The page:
Scientists from the Monterey Bay Aquarium Research Institute (MBARI) have recently spotted off the Californian coast a very rarely seen giant phantom jellyfish with 32 feet long tentacles. This elusive deep-sea creature was first officially documented in 1899. It has only been spotted 110 times in over 120 years, and has been captured on camera just nine times.
The giant phantom jellyfish (Stygiomedusa gigantea) is one of then largest invertebrate predators in the deep-sea ecosystem. It has an umbrella-shaped bell which can be up to 3.3ft wide, and four “paddle-like” arms that can reach a length of 32ft and are used to trap prey.
This purple-colored creature lives in the depths of the oceans, in regions up to 21,900ft deep. Although it has been spotted only off the coast of the Pacific, in the Gulf of Mexico, and near Japan, scientists believe it resides in all oceans, besides the Arctic. According to the sparse knowledge gathered so far, the giant phantom jellyfish feeds mostly on plankton and a variety of small fish that live deep underwater. However, more than a century after its discovery, not much is known about this strange animal.
“Even now, scientists still know very little about this animal,” the researchers from MBARI said. “The challenges of accessing its deep-water habitat contribute to the relative scarcity of sightings for such a large and broadly distributed species.” The most recent recording was done at a depth of 3,200ft in the Monterey Bay, with the help of an underwater robot.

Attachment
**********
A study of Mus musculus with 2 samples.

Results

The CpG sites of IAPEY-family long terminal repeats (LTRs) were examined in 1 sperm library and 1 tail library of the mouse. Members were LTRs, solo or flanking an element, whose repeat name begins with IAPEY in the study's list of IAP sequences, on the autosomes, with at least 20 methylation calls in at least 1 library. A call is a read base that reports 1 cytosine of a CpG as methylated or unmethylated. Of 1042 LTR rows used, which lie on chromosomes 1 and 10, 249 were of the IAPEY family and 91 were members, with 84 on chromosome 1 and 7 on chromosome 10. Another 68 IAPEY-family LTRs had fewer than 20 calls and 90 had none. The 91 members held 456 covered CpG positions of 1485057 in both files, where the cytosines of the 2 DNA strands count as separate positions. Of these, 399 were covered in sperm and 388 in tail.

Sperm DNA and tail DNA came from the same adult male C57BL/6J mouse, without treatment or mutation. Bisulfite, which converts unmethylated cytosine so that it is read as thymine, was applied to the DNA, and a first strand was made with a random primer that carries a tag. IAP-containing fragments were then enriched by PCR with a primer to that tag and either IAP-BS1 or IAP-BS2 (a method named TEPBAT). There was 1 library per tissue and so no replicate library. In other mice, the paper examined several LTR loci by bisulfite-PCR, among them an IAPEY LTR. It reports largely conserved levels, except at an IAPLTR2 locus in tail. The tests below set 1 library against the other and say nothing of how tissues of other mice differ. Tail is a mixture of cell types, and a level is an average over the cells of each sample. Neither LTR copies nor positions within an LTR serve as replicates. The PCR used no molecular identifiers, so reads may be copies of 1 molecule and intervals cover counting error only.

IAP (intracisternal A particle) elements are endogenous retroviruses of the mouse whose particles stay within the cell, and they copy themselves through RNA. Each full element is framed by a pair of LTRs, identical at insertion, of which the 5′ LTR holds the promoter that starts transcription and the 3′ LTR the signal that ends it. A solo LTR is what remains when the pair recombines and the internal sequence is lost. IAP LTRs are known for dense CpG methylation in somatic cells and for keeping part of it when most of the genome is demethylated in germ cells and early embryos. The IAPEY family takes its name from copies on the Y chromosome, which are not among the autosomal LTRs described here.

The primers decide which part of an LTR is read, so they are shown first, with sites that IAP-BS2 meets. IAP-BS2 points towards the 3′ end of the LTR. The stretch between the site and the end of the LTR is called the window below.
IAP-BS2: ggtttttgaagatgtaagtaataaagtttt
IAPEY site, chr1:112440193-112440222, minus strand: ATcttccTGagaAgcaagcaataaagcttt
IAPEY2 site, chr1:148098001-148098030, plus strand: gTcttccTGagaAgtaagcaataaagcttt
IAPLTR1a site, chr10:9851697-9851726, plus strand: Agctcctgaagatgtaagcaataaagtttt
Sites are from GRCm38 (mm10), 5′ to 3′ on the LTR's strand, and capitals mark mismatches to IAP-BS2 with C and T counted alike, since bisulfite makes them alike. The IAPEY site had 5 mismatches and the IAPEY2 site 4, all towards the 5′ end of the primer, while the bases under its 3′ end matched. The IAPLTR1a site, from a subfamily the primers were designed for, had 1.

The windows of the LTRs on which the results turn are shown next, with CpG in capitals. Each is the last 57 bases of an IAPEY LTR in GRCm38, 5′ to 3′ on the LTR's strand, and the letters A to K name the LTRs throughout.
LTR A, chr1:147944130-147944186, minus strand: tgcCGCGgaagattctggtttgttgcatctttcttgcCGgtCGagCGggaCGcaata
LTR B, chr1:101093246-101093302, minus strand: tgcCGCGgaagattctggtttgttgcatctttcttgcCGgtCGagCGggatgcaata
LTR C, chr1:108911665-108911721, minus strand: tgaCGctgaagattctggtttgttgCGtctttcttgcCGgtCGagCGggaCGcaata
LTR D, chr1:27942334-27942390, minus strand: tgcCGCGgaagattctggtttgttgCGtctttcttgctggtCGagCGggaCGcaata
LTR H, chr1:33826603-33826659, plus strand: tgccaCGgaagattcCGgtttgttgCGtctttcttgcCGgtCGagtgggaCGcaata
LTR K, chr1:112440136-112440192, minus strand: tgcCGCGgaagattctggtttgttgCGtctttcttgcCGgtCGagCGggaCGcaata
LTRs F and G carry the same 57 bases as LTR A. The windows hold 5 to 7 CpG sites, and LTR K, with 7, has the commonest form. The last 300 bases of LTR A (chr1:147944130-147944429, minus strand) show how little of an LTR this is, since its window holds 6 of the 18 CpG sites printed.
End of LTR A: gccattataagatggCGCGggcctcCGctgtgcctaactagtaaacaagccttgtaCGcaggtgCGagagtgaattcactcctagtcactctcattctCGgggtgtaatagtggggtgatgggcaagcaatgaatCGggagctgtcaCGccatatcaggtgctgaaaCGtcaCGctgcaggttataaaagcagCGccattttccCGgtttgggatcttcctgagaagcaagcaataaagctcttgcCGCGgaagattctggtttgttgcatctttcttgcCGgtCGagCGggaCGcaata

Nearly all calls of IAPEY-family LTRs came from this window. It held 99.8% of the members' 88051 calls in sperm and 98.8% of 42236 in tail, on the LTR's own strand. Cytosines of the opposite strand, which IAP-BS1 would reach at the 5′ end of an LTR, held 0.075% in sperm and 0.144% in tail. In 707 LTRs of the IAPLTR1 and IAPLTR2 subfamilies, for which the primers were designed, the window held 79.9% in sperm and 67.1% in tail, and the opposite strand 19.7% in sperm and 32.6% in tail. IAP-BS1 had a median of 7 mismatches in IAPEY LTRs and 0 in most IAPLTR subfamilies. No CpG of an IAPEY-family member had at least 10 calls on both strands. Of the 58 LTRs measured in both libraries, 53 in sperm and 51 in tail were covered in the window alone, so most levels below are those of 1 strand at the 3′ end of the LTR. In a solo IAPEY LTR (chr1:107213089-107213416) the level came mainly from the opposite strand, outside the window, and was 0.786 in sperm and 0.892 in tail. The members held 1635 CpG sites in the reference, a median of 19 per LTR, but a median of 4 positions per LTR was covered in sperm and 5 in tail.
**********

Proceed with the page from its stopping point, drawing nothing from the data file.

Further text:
Before underwater robots, or “remotely operated vehicles” (ROVs), were invented, experts used trawling nets to study creatures such as the giant phantom jellyfish. However, when such animals are captured and brought to the surface, their usually silky-looking frames turn to “gelatinous goo.” Thus, underwater robots remain the best tool to observe this mesmerizing creature in its natural habitat.
A recording of the recent sighting of the giant phantom jellyfish can be found here.